Winston Churchill said that “kites rise highest against the wind, not with it.” What’s established, or “normal” may be incredibly powerful, but until you apply pressure against that norm, you cannot fly above it.
Never in my lifetime have I seen a politician like [score]Ted Cruz[/score]. I believe this is because he follows Churchill’s advice. He has a core set of beliefs that he follows, and when they contradict the prevailing notions in Washington, he doesn’t back down, and he doesn’t bend in order to remain socially or politically viable.
There are several politicians who stand firmly in their beliefs–and I admire them for it–but what sets [score]Ted Cruz[/score] apart is that he doesn’t just stand firm, he also pushes back. There’s a reason he’s caused such tremendous waves within the Republican Party in such a short amount of time.
For example, many of Cruz’s colleagues were aghast that he filibustered Obamacare in October 2013, his first year in the senate. The majority of the party simply backed down.
Why would Cruz stand for 21 hours against a seemingly unstoppable bill when he had little to no support? Because he promised the voters of Texas that he would. By filibustering Obamacare, Cruz not only kept his promise to his constituents, but he got people talking as well. The hashtag #MakeDCListen exploded on Twitter, the news was forced to cover the event, and more people were made aware of the nefarious nature of the ACA.
Cruz has done a great many things that have angered or confused his colleagues, but it was when he called Senate Majority Leader [score]Mitch McConnell[/score] a lair that the real fire was ignited.
On July 24, 2015, [score]Ted Cruz[/score] gave a speech on the floor of the senate in which he accused McConnell of making a promise behind closed doors, then promptly breaking that promise in public:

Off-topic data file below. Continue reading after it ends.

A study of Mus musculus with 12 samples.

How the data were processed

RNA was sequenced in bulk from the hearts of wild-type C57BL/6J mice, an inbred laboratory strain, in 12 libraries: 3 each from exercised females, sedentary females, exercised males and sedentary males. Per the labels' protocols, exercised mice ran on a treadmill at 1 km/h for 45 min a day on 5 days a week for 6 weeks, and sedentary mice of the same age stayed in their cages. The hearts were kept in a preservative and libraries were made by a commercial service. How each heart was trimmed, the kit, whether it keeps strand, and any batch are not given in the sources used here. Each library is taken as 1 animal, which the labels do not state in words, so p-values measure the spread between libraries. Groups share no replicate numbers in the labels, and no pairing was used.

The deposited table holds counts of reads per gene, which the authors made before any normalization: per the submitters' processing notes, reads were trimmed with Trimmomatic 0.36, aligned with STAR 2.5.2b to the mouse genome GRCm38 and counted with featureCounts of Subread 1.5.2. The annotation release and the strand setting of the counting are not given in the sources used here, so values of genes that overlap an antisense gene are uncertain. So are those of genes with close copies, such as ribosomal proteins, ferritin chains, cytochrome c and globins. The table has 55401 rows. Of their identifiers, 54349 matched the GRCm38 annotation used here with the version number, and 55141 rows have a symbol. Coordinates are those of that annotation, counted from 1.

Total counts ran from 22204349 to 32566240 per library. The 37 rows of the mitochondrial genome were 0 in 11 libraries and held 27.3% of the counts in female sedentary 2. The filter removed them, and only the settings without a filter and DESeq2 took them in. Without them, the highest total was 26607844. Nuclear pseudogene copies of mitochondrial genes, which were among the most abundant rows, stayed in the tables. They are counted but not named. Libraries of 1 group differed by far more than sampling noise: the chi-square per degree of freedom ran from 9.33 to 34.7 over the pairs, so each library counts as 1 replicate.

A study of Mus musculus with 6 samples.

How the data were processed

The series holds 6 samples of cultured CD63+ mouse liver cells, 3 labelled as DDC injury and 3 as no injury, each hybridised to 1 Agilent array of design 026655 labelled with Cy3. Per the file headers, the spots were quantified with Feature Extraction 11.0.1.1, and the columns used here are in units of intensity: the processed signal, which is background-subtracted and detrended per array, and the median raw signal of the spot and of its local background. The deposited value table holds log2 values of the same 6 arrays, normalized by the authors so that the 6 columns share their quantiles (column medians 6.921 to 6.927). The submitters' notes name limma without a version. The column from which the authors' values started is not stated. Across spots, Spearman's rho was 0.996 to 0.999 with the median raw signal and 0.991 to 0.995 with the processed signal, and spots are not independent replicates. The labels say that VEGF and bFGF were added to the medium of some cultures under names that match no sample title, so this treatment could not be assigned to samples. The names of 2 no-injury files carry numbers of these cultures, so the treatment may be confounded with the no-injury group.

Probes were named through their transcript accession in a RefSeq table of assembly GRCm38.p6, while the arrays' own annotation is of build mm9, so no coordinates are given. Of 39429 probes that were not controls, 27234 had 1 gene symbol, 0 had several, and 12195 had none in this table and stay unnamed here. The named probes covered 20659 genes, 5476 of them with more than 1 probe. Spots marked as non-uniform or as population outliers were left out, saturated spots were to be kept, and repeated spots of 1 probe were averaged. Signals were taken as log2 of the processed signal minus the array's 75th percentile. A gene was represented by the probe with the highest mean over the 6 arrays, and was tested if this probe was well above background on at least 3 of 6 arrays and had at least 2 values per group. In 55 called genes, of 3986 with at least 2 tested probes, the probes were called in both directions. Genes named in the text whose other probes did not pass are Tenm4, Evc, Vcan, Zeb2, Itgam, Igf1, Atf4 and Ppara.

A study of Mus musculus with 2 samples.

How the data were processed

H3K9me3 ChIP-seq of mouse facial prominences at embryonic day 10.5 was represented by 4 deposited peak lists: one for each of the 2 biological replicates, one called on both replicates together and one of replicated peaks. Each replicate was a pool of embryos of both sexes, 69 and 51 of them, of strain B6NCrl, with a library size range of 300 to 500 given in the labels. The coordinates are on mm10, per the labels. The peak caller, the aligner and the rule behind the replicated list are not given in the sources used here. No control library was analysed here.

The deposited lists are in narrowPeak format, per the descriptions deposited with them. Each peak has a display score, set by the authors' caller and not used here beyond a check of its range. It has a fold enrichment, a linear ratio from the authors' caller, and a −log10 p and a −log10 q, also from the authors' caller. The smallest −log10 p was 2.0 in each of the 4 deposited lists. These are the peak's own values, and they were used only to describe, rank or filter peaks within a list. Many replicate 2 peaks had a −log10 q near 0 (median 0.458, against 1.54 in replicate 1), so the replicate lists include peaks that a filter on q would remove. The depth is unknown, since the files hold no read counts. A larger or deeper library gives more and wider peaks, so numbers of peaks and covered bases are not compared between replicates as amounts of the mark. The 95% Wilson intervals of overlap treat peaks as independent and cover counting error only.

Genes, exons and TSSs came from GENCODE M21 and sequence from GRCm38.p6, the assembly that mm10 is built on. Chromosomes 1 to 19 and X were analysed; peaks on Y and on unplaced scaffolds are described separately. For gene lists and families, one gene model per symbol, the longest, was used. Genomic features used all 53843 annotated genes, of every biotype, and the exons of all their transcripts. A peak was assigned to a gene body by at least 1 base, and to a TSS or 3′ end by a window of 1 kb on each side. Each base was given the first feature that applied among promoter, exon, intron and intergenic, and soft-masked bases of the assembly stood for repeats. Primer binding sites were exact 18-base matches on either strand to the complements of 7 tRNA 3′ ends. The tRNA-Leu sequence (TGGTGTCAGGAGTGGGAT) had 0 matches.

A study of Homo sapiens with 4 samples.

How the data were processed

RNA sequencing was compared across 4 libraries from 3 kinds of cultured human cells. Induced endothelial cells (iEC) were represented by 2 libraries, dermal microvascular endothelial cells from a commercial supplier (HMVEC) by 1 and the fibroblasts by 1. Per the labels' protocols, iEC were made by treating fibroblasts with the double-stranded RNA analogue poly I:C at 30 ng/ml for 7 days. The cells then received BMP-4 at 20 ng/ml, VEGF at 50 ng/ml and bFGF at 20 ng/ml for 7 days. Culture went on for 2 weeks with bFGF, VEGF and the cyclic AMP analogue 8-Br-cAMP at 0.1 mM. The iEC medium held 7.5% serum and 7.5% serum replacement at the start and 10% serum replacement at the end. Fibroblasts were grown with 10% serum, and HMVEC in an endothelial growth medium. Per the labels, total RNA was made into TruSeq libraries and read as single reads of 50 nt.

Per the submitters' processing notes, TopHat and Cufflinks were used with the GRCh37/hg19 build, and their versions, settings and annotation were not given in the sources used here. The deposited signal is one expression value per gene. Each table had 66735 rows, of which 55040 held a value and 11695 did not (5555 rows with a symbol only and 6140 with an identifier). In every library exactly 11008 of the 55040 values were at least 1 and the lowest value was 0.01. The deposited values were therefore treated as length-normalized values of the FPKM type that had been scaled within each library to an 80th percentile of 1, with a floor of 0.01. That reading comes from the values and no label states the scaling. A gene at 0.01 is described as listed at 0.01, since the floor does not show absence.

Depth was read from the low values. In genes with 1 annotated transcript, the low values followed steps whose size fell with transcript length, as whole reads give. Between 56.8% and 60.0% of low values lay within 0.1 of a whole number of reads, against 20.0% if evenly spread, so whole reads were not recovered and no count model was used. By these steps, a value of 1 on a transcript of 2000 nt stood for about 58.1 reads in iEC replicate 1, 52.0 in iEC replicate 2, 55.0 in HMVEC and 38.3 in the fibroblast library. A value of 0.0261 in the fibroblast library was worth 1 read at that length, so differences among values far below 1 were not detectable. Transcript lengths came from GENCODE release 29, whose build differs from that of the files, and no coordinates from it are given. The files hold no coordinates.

“I cannot believe he would tell a flat-out lie…What we just saw today was an absolute demonstration that, not only what he told every Republican senator, but what he told the press over and over and over again, was a simple lie…We now know that when the majority leader looks us in the eye and makes a commitment, he is willing to say things he knows are false.”
Senators were apoplectic. Cruz broke the rules–literally. Senate rule XIX, part two states:
“No Senator in debate shall, directly or indirectly, by any form of words impute to another Senator or to other Senators any conduct or motive unworthy or unbecoming a Senator.”
The Ancient One (sometimes referred to by his Christian name: [score]John McCain[/score]) was appalled:
“I think it was outside the realm of Senate behavior. I would never contemplate going to the floor of the Senate and impugning the integrity of another senator. Just not something we do here. I really think it was a very wrong thing to do.”
Many other senators were also sent to the fainting couch by what Ted Cruz did. And now it’s coming back to bite the lone star presidential candidate.
As the field winnows, Ted Cruz is urging Republicans to unite behind him in order to stop Donald Trump, and Hillary Clinton. But according to CNN, leaders in the party may be too petty to come together:
“Senior Senate Republicans are calling on Sen. Ted Cruz to rebuild his strained relationships with his colleagues and apologize to Majority Leader Mitch McConnell before the party establishment considers consolidating behind his presidential bid.”
Senator [score]Orrin Hatch[/score] even said:
“That was not proper as you know, and I raised hell about it. I’m a great believer of repentance and changing…It’s always helpful when you admit you’re wrong.”
Cruz isn’t biting.
The Texas senator allegedly told Fox News’ James Rosen that he wasn’t going to bow down to McConnell:
— James Rosen (@JamesRosenTV) March 16, 2016
Cruz said he will continue “telling the truth,” and “standing up to Washington.”
— FOX & friends (@foxandfriends) March 16, 2016
Thank you, [score]Ted Cruz[/score].
Thank you for being the only politician to stand up to corruption in your own party, not simply by refusing to be a part of it, but by calling out those who rig the game.
Refusing to participate in evil is certainly commendable, but true valor comes when one looks the devil in the eye, and yells his name, causing it to ring in the ears of the nation. That’s the difference between the many decent politicians in the Republican Party, and [score]Ted Cruz[/score].
Cruz may win the nomination; Cruz may not win the nomination. Regardless of the outcome, he can stand tall knowing that he didn’t compromise his values in order to secure a limited prize; that he didn’t kiss the king’s ring to get a seat at the table.
[score]Ted Cruz[/score] rises highest against the wind not simply because he stands firmly in it, but because he walks defiantly toward it. I couldn’t ask for a better presidential candidate.